The 2017 session of the Georgia General Assembly is scheduled to adjourn Sine Die next week on Thursday March 30th. “Cross-over day,” the day by which all bills must be approved by their chamber of origin in order to remain in consideration, occurred on Friday, March 3rd. The committees in each chamber have been working nonstop since that time to move bills to their respective rules committees. From there, the rules committees determine which bills move to the floor of each chamber for a vote.
The House and Senate came to an agreement this week on the fiscal year 2018 budget in the form of a conference committee report. Leadership from both chambers worked to resolve the differences between the House and Senate versions of the appropriations packages and the result of those negotiations is represented in the conference committee report. The budget is the only piece of legislation that the General Assembly is constitutionally required to pass during their 40-day session.
Below is a summary of relevant legislation under consideration:
- HB 338, sponsored by Rep. Kevin Tanner (R-Dawsonville) has been renamed the “First Priority Act” and has been amended several times throughout the legislative process including a change that prevents for-profit entities from operating schools under the terms of the legislation. A change was also made to the formation of the education turnaround advisory council in order to include more representation from the education community and their respective associations. Finally, $1,000,000 in funding for the implementation of the bill was added to the conference committee report on the fiscal year 2018 budget.
Status: This bill has been approved by the Senate Education Committee, and awaits movement to the Senate Floor via the Rules Committee.
- HB 237, sponsored by House Education Chairman Brooks Coleman (R-Duluth). This bill, which has been characterized as a piece of legislation meant to support the intent of HB 338, would authorize the Public Education Innovation Fund to receive private donations that could be used as grants for public schools, and establishes a tax credit for such a donation. The legislation was changed in the Senate to reduce the maximum amount of tax credits available and the length of time that they are available for.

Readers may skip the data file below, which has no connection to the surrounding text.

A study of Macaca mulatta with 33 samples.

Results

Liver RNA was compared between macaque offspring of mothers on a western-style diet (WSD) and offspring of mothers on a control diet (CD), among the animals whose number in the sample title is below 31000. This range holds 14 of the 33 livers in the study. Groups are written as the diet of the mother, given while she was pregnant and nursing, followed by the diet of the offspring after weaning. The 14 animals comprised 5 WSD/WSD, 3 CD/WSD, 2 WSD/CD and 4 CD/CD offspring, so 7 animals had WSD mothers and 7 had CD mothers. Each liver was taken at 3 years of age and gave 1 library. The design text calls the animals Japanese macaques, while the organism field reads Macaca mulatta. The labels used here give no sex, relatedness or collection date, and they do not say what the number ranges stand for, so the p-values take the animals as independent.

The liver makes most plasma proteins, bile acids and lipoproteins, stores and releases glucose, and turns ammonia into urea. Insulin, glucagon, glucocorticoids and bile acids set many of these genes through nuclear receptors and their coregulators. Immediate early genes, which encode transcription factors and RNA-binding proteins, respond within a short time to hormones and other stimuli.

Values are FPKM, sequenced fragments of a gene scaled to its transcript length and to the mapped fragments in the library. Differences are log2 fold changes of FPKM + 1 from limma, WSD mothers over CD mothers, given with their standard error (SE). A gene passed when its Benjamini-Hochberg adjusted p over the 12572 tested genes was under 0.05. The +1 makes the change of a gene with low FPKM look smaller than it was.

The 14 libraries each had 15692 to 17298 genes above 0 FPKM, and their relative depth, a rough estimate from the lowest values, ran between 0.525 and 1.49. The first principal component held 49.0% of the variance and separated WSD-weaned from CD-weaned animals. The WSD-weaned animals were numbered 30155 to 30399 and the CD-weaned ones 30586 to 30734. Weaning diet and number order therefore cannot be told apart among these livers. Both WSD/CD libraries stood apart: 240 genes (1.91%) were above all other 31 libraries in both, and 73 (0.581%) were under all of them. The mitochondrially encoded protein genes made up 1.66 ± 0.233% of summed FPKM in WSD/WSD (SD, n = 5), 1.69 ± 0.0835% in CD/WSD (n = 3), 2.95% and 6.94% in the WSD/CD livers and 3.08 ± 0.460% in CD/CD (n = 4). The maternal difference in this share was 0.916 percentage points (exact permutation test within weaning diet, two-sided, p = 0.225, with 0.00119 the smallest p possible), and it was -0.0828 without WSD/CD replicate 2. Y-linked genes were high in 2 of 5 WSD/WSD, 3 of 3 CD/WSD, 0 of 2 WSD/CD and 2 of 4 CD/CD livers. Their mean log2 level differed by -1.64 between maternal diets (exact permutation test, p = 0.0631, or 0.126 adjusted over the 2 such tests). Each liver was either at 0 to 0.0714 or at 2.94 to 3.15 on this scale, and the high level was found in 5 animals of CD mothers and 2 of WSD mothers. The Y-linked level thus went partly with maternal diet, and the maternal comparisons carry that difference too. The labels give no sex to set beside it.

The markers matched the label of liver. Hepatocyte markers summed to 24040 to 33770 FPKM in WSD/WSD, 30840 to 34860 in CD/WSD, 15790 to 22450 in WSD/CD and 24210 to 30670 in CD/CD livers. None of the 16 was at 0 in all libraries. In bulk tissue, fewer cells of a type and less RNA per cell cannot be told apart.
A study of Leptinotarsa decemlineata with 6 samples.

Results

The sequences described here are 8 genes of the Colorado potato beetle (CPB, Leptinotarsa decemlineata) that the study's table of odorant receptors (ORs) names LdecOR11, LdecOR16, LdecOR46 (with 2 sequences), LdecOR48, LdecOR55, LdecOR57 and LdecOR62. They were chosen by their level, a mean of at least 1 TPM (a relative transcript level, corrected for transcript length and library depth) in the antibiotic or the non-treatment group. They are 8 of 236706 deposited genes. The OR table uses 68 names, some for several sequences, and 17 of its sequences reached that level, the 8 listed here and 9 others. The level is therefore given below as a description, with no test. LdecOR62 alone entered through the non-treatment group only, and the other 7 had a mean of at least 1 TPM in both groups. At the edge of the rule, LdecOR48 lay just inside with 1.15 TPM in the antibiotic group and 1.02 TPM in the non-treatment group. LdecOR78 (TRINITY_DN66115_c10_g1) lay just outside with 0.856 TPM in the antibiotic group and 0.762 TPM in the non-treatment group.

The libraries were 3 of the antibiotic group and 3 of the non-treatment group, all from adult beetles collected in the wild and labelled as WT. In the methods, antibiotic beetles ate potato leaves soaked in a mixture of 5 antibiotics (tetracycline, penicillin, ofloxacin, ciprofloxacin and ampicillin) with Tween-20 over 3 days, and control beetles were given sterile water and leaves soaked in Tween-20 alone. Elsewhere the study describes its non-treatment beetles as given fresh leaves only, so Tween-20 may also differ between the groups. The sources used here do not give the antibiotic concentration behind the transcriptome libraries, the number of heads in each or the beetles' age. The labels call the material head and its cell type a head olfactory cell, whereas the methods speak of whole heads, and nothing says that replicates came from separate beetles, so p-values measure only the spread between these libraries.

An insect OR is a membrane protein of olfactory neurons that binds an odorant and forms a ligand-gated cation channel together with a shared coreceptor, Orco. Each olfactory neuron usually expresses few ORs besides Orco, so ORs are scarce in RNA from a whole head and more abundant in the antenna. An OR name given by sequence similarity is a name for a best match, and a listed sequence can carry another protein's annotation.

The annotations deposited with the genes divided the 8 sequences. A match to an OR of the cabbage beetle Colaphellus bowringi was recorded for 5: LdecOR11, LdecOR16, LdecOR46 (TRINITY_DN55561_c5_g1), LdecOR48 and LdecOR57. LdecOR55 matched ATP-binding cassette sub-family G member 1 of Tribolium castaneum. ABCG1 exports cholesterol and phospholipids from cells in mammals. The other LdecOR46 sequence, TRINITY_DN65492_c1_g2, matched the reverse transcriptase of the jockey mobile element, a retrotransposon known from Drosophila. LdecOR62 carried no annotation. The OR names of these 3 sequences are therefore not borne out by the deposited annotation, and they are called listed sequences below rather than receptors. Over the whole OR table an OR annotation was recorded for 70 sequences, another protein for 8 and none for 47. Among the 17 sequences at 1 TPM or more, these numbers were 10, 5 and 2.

Status: This bill was approved by the Senate Finance Committee, and awaits movement to the Senate Floor via the Rules Committee.
- SB 30, sponsored by Sen. Vincent Fort (D-Atlanta) creates a pilot program for Sustainable Community School Operations Grants and would allow the Department of Education to issue grants to plan, implement, and improve sustainable community schools. In the Senate version of the fiscal year 2018 budget $50,000 was appropriated to allow for grants to be remitted, but the funding was not included in the conference committee report on the budget.
Status: This bill was approved by the House Education Committee, and is now in the House Rules Committee where it will be considered for movement to the House floor.
- SB 211, sponsored by Senate Education Chairman Lindsey Tippins (R-Marietta) seeks to clarify many of the provisions of SB 364 that were signed into law in 2016. Specifically, the legislation directs local districts along with the Department of Education to pursue maximum flexibility from the federal government in terms of the tests that are administered and required in public schools.
Status: This bill has passed out of the House Education Committee, and is awaiting movement to the House Floor via the House Rules Committee.
- HB 425, sponsored by Rep. Joyce Chandler (R-Grayson) would strongly encourage the State Board of Education and local school systems to allow the administration of standardized tests in pencil and paper format. The bill would also ask the State School Superintendent to develop guidelines that would be approved by the State Board of Education to strongly encourage how local school systems should handle students who do not participate in state-wide assessments.
Status: This bill was approved by both the House and Senate and will be transmitted to the Governor’s desk.